7 Benchmarks for a Solid Wellness Program

The United States currently spends twice per capita what other major industrialized countries spend on health care, and costs continue to rise faster than income.

But politicians and media are quick to point out that this spending does not translate to results.

Employers who understand the impact of and implement wellness programs can positively affect their bottom line by reducing both their medical insurance premiums and their worker's compensation costs. Achieving these results will require a team approach with the human resources, employee safety, and worker's compensation departments working in concert.

The relationship between living a healthy lifestyle and decreased work-related injuries is more noticeable now than ever.

The Holistic Approach to Risk Management

The challenge of managing rising cost takes a risk management strategy that embodies a holistic approach.

Incorporating a wellness program that focuses on a prevention strategy will help to control risk factors that cause present and future losses related to injuries and or illnesses.



Wellness programming needs to take an innovated risk management approach similar to that of safety programs: Identify the root cause of claims and attack those instead of waiting for claims to occur.


Cost Effective way to Proactively Promote Wellness

Employee safety and worker’s compensation directors should become familiar with the resources available to their employees from the medical benefits side.

These benefits often include wellness initiatives such as assistance with tobacco cessation, weight loss, nutritional counseling, reduced pricing on gym memberships, and stress management.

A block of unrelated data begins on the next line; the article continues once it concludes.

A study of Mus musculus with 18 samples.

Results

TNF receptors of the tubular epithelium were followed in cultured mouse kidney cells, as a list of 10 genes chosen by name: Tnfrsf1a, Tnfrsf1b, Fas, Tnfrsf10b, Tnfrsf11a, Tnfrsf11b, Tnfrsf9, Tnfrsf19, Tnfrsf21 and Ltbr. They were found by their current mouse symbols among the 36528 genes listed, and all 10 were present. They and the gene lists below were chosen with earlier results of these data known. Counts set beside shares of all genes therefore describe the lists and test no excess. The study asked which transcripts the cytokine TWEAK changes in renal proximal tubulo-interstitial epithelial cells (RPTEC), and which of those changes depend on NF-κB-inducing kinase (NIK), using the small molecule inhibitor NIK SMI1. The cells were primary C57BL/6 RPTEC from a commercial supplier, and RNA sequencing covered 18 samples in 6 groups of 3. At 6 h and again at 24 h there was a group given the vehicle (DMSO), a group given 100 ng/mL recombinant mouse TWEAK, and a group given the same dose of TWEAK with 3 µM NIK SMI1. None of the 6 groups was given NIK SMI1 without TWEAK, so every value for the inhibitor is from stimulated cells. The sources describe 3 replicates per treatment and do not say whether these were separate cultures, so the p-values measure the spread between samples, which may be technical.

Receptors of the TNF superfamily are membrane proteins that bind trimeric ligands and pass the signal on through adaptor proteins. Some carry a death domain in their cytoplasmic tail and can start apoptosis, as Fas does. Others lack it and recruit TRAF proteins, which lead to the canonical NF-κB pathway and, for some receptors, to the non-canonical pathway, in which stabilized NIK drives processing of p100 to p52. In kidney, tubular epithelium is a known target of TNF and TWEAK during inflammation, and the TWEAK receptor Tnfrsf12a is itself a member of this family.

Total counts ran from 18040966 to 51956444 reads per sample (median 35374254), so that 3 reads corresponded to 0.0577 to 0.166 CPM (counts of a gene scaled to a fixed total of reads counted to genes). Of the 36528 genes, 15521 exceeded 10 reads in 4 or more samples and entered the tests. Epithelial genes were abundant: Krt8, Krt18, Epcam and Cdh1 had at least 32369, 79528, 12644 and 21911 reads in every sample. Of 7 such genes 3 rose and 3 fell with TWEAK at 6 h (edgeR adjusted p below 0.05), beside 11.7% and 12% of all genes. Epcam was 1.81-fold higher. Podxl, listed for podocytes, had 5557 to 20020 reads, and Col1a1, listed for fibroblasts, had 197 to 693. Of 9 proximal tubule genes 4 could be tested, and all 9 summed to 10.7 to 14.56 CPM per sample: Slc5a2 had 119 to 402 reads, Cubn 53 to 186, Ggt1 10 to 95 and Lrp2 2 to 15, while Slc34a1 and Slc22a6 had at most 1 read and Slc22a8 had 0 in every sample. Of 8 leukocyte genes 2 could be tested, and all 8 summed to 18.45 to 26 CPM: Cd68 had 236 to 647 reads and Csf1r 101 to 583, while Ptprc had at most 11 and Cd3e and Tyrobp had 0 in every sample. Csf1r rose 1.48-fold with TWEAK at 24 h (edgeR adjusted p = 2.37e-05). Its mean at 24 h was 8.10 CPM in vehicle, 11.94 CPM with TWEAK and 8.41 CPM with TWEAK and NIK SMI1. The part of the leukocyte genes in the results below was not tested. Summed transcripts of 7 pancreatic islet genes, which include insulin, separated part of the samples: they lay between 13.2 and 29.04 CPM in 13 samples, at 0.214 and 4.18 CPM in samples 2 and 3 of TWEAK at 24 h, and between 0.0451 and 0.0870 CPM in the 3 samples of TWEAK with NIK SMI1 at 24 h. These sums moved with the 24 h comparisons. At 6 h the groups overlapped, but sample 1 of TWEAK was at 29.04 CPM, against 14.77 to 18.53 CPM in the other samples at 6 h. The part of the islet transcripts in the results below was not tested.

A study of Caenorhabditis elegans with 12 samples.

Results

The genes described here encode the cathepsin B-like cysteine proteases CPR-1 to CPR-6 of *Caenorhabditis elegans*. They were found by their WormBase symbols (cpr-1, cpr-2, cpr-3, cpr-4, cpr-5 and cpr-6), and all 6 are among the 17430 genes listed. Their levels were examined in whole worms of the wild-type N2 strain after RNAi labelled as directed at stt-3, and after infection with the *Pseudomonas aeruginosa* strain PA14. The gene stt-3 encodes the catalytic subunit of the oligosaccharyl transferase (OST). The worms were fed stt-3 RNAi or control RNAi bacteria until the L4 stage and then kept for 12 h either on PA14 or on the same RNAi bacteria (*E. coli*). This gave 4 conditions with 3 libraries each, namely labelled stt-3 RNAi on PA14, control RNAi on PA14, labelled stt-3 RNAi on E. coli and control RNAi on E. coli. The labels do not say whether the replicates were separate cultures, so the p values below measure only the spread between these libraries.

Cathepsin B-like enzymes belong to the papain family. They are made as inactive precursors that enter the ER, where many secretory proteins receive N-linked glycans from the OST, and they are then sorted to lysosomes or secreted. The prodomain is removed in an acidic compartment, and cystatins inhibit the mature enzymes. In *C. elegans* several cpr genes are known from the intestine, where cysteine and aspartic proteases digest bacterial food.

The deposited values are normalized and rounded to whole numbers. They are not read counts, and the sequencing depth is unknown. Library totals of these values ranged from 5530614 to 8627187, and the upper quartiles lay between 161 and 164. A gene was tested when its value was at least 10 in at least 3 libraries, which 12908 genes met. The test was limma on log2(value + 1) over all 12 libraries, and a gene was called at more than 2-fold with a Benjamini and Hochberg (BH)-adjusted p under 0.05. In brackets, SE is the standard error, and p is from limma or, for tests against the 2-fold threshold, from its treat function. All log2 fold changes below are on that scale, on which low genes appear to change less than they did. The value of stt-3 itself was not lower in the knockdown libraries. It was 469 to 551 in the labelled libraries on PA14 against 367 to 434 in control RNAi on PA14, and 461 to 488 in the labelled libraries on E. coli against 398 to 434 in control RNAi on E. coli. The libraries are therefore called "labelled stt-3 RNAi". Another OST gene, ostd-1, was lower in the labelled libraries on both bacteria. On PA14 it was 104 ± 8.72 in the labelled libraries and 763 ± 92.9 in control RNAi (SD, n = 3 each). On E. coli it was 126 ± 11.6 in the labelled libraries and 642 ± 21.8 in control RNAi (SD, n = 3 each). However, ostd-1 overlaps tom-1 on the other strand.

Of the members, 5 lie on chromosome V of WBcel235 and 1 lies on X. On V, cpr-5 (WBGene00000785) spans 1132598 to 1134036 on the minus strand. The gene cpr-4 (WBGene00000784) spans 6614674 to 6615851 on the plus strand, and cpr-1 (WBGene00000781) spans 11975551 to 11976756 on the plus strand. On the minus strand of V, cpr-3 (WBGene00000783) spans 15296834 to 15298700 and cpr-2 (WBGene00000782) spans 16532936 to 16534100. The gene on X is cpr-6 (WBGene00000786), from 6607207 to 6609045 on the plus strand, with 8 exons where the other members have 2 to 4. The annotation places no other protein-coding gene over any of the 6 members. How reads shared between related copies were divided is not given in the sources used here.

These programs are typically underutilized, yet may give the employer a cost effective way to proactively promote wellness. Employees spend many of their waking hours at work, nearing 50 hours per week on average.

This makes the workplace is an ideal setting to address health and wellness issues.


Result-Oriented Workplace Wellness

Employers who are considering implementing wellness programs are often overwhelmed with the idea and are unsure where to start. The Wellness Councils of America (WELCOA), an organization dedicated to the promotion of work site wellness, has identified the following seven benchmarks for developing results-oriented workplace wellness programs.

1. Capture CEO support. A commitment from the top is critical to the success of any wellness initiative. 

 2. Create cohesive wellness teams. Wellness teams should include a cross-section of potential program participants.

 3. Collect data to drive health efforts. Gather baseline data to help assess employees’ health interests and risks.

 4. Carefully craft an operating plan. The plan should include a mission statement for the program along with specific, measurable, short-and long-term goals and objectives.

 5. Choose appropriate interventions. Interventions should address prevailing risk factors in your employee population and be in line with what both management and employees want from the wellness program.

 6. Create a supportive environment. Create a culture that supports work site health promotion that may have features such as healthy food choices in their vending machines, a no-smoking policy, and flexible work schedules that allow workers to exercise.

 7. Carefully evaluate outcomes. Evaluation allows the company to celebrate goals that have been achieved and to discontinue or change ineffective initiatives.

 While we discussed 7 benchmarks for success, workplace wellness is a customized process. Every company struggles with different Risk factors. Call SEBINS at 877-766-5464 for a personalized evaluation.